New Jersey can be divided into four physiographic provinces or regions with similar sequences of rock types, geologic structures and common geologic history. The four provinces in New Jersey are the Valley and Ridge, the Highlands, the Piedmont and the Coastal Plain.

The Valley and Ridge province is in the northwestern section of New Jersey and is characterized by long, parallel ridges and valleys formed by folded and faulted limestone's, shale's and sandstones or early to middle Paleozoic age. This region contains rocks from the Ordovician, Silurian and Devonian periods.

The Highlands province consists of metamorphic rocks of Precambrian time and lie to the east of the Valley and Ridge province. The granites and gneiss's are resistant to erosion and create a hilly upland with deep, step-sided valleys carved by streams.

The Piedmont province lies to the east of the Highlands and is characterized by gently rolling hills. The rocks are of Late Triassic and Early Jurassic period. As sediments eroded from adjacent uplands and were deposited along rivers and lakes within the basin, they became compacted and cemented to form conglomerate, sandstone, siltstone and shale.

The Coastal Plain province overlaps the Piedmont to the southeast and lies in a relatively flat terrain that consists of unconsolidated sedimentary formations, such as sands, clays and marls. The rocks of this region are Cretaceous, Paleogene and Neogene in age.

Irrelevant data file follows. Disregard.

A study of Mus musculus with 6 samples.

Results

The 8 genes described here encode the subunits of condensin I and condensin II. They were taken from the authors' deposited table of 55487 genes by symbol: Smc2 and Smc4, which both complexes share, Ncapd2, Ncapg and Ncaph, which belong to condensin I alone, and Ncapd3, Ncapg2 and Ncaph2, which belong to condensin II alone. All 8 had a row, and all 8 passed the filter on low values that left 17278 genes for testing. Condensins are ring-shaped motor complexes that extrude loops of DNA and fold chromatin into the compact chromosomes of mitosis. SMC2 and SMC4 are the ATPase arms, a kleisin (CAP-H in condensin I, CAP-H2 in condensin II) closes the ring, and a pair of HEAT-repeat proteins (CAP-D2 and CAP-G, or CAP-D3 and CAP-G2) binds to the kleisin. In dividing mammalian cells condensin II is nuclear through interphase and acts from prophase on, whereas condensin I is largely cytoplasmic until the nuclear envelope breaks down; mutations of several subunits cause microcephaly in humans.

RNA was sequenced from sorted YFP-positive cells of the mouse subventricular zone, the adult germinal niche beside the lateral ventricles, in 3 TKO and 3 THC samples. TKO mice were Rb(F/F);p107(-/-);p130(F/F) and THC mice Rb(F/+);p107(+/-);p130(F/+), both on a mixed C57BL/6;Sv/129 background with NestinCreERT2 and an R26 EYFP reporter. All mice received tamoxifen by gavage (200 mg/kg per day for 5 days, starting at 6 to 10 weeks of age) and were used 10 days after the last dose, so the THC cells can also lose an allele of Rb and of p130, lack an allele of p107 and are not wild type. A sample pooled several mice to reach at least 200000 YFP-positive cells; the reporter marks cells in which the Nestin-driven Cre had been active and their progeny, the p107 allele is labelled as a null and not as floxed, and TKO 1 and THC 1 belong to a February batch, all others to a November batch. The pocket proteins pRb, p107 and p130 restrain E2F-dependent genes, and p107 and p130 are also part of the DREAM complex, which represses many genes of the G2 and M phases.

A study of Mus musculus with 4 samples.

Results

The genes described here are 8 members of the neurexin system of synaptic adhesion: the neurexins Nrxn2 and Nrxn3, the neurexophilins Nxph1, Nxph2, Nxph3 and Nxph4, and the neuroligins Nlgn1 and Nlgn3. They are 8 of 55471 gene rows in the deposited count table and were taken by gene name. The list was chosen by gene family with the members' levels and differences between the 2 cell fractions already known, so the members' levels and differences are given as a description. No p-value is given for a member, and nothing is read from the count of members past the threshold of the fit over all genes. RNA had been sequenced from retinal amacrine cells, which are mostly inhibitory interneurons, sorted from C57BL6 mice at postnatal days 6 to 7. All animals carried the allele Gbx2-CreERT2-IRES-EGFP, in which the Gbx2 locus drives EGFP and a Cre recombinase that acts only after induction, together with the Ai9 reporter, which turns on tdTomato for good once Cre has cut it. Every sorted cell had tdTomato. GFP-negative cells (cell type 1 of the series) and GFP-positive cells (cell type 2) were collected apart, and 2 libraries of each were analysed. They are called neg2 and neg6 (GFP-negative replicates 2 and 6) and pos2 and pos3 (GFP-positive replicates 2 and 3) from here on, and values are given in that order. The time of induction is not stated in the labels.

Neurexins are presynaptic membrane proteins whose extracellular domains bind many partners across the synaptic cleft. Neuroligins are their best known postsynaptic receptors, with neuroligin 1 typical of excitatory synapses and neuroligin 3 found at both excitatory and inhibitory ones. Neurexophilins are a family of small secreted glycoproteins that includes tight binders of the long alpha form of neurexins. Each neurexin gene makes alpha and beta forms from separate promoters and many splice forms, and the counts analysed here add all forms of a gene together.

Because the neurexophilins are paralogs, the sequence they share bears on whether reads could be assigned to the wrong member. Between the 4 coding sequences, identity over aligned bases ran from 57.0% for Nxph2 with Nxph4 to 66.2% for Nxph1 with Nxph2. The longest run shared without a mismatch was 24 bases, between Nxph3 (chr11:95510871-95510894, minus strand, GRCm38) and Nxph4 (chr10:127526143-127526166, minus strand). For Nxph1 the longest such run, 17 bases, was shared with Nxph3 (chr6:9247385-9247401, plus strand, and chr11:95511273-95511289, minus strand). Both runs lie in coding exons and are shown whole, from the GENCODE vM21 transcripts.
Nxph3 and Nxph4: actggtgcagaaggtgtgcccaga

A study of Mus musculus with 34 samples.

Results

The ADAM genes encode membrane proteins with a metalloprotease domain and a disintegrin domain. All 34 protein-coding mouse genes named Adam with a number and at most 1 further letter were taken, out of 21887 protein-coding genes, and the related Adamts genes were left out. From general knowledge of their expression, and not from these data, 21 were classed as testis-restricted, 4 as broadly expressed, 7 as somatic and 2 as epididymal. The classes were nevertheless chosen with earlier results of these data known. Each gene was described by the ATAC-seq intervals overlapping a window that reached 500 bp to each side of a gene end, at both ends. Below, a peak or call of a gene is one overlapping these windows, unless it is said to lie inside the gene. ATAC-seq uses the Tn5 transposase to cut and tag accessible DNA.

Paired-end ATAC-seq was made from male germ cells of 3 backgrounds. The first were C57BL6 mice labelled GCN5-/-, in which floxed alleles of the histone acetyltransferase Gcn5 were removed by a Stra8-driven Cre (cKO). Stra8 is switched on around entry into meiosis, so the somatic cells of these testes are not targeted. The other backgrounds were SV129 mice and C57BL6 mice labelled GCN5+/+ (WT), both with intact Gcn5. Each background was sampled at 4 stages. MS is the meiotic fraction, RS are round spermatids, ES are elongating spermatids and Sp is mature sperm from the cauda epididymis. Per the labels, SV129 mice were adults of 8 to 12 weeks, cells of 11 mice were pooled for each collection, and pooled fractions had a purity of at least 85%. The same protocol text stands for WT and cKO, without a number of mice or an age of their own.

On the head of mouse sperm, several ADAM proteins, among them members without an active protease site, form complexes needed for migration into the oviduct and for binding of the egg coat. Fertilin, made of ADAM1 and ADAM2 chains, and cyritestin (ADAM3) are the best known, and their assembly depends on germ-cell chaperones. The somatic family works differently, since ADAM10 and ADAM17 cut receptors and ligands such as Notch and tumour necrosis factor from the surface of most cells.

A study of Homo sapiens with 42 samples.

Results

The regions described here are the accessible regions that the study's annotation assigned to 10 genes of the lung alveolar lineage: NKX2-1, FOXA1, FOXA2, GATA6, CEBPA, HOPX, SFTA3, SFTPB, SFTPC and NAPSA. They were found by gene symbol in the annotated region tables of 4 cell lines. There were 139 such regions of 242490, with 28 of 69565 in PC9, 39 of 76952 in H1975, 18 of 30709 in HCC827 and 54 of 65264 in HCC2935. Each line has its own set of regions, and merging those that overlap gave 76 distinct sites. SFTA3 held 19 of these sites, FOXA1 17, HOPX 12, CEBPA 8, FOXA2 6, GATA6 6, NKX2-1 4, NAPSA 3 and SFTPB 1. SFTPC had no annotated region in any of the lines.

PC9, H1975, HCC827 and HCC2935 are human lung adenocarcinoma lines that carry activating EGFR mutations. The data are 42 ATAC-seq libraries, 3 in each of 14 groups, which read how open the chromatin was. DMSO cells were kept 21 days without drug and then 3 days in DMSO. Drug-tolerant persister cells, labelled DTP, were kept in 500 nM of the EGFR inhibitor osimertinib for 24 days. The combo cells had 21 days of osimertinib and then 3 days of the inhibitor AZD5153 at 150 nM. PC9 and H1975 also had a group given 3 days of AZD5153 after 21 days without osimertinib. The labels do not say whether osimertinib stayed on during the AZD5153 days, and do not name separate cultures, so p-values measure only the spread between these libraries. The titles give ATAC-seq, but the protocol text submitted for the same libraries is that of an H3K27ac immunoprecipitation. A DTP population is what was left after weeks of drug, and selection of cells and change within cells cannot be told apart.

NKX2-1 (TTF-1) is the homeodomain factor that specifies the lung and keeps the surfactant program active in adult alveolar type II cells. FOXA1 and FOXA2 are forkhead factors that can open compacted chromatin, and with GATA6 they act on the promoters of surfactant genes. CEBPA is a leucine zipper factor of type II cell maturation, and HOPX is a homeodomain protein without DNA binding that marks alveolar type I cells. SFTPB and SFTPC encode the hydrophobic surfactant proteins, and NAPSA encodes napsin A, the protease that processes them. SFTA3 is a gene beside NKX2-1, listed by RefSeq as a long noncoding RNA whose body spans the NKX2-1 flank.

The four regions of New Jersey span millions of years representing many different geologic periods. Fossils can be found from most of these periods in New Jersey. The periods are represented on the geologic map of New Jersey. Follow the links to each of these periods to see the range of fossils from that time.

  • Neogene: The Neogene Period began about 24 million years ago and it continues up to the present time. The name “Neogene” is a new name for part of the old Tertiary Period and includes the old Quaternary Period. It is represented by the light gray band along the Jersey Shore and Delaware Bay.
  • Paleogene: The Paleogene Period marks the beginning of the Cenozoic Era. It began 65 million years ago and lasted until 24 million  years ago and is represented by the yellow and beige bands covering most of the southern  half of the state.
  • Cretaceous: 65-144 million years ago represented by the olive green band running from Monmouth County south west in a band along the Delaware River to the south west corner of the state. Cretaceous New Jersey Species
  • Jurassic: 144-205 million years ago represented by the light green areas intermixed in the Triassic band.
  • Triassic: 205-250 million years ago represented by the green running from the north east corner of the state bordering New York in a south westerly direction until it contacts the Delaware River.
  • Permian: 250-295 million years ago. There are no rocks of this age preserved in New Jersey.
  • Carboniferous: 295 - 354 million years ago. There are no rocks of this age preserved in New Jersey.
  • Devonian: 354 - 409 million years ago represented by the light blue area in the extreme north west corner of the state.
  • Silurian: 409 - 439 million years ago represented by the light purple band to the west of the Ordovician rocks.
  • Ordovician: 439 - 500 million years ago represented by bluish purple area to the west of the Precambrian rocks.
  • Cambrian: 500 - 540 million years ago. There are no surface rocks from the Cambrian in New Jersey, but there are fossils from this era.
  • Precambrian: Older than 540 million years ago represented by the light orange bands in the north west portion of the state.